St. John Weathers Tropical Storm Irene

JAWS was found washed ashore in Coral Bay after Tropical Storm Irene passed St. John.

Water and Power Authority crews were busy restoring power lines.

Branches and trees were downed and portions of Centerline Road were slightly washed out, but overall, St. John came through Tropical Storm Irene relatively unscathed.

An August 19 V.I. Territorial Emergency Management Agency press release predicted the storm would pass 100 miles south of St. Croix.

“We are urging everyone to be vigilant and to monitor the progress of this system as it moves across our region,” said VITEMA Director Elton Lewis.

As of Saturday afternoon, August 20, it appeared that Irene would indeed pass south of the territory, bringing some light rains and winds. By late Saturday night and early Sunday morning, August 21, however, it became apparent that Irene had jogged north a bit and was passing directly over the Virgin Islands.

The territory experienced tropical storm conditions, with sustained winds of 40 miles per hour and gusts to 67 miles per hour and a little more than 4 inches of rain reported on St. Thomas.

The storm’s disorganized eye passed right over St. Croix Sunday afternoon, and power, internet and cell phone service went in and out throughout the afternoon, night and into Monday, August 22.

A flash flood watch was in issued by the National Weather Service from Sunday morning to Monday afternoon, and the territory eventually came under a tropical storm warning and a flash flood warning. At noon on Sunday, the Coast Guard closed St. Croix ports to incoming and outgoing vessels, and all U.S. Virgin Islands and Puerto Rico ports were shut down at 6 p.m. the same day.

Storm shelters were opened at 3 p.m. Sunday on St. Croix, and at 6:30 p.m. Sunday on St. Thomas and St. John. Both the St. Croix and St. Thomas airport closed at 5 p.m. Sunday.

Governor John deJongh imposed a curfew in the territory from 6 p.m. to 6 a.m. on St. Croix, and 8 p.m. to 6 a.m. on St. Thomas and St. John.

Trees and brush were found down, blocking parts of the roadway.


“As the winds and rains intensify, road conditions in the islands will deteriorate causing hazards for the general public,” said acting V.I. Police Department commissioner Raymond Hyndman. “It’s best that residents remain indoors for their safety and pay attention to the updates provided by VITEMA, as well as follow all instructions as it relates to shelters and the curfew.”

A press release issued by VITEMA in the early morning hours of August 21 dubbed Irene a “serious threat.”

The Office of the Governor, VITEMA and the National Weather Service urged citizens to quickly complete preparations for the protection of life and property.

“Despite the preparations that have been made, I must take a moment to encourage everyone to pay attention to the updates that are provided by VITEMA, my office and others regarding the impact of the storm on the territory,” the governor said in a press release. “The storm’s projections are constantly changing and it is important that we heed and respect the warnings so that we can effectively protect life and property. This is of great importance during the hurricane season.”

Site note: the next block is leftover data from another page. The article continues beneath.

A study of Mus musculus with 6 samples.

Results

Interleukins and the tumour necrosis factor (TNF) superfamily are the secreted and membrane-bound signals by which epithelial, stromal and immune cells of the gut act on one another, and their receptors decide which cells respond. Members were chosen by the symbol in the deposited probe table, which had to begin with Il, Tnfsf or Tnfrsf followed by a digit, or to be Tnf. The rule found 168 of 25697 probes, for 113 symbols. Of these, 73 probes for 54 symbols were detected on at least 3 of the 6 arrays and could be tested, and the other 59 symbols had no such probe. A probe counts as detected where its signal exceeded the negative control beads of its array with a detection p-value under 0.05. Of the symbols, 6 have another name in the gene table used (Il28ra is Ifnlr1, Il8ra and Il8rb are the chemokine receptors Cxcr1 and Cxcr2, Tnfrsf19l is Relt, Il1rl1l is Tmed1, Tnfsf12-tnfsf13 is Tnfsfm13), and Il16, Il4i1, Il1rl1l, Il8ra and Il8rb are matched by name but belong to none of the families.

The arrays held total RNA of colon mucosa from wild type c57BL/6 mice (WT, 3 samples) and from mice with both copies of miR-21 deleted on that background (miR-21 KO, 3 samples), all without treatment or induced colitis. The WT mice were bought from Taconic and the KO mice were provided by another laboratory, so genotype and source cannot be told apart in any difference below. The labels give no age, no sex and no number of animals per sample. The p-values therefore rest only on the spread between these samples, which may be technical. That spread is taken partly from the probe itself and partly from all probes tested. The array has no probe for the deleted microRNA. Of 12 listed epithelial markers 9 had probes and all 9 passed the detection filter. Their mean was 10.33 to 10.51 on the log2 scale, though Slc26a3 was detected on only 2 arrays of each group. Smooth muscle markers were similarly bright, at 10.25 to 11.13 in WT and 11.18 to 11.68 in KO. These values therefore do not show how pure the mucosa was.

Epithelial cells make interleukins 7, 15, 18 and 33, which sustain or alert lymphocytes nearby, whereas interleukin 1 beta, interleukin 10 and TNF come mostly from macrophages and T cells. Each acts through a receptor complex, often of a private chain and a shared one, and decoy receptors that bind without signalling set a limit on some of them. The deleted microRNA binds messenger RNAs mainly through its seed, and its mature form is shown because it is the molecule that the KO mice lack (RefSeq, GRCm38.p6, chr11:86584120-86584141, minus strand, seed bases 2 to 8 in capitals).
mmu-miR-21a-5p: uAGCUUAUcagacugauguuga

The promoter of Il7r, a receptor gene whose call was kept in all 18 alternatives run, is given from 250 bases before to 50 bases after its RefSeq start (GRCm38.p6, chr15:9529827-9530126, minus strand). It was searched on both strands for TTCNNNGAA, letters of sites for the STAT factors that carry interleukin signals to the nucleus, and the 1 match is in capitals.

As Irene passed through the territory, the Department of Licensing and Consumer Affairs imposed a price freeze, ordering merchants to keep prices at existing levels on all items of food, general supplies and services.

By Monday morning, deJongh ordered government employees to report at 10 a.m., the University of the Virgin Islands announced it would operate on a normal schedule and both Innovative and the V.I. Water and Power Authority issued press releases stating they were working on fully restoring service throughout the islands.

Both airports reopened Monday at 7:30 a.m., and an inbound flight had already arrived in the territory by midday. As of press time, the U.S. Coast Guard was assessing marine ports and the channel between St. John and St. Thomas in preparation for resuming regular ferry service.

“As of 9:30, 10 a.m. this morning they were conducting their assessments to determine whether there were any obstructions, and I assume service will resume by early afternoon,” said Government House spokesperson Jean Greaux.
Government House reported that WAPA fared relatively well on St. John, and that there were no major problems on Love City roadways.

“The most significant damage was seen on St. Croix, which suffered the back end of the storm,” said Greaux. “It’s there that the greatest challenges lie with restoration of power and flooding, which is being addressed right now.”

In the wake of the storm, the V.I. Department of Health urged residents to take precautions regarding food safety, sanitation and hygiene and to make efforts to remove standing water, reducing mosquito breeding sites.

By 5 a.m. Monday, as Irene’s center moved across San Juan, the storm was upgraded to a category 1 hurricane, the first named hurricane of the season.

As of midday Monday, conditions were ideal for Irene to strengthen into a category 2, 3 or 4 hurricane as it slams into the Bahamas and then the U.S. southeast coast. Landfall near Miami on Thursday night, August 25, is likely.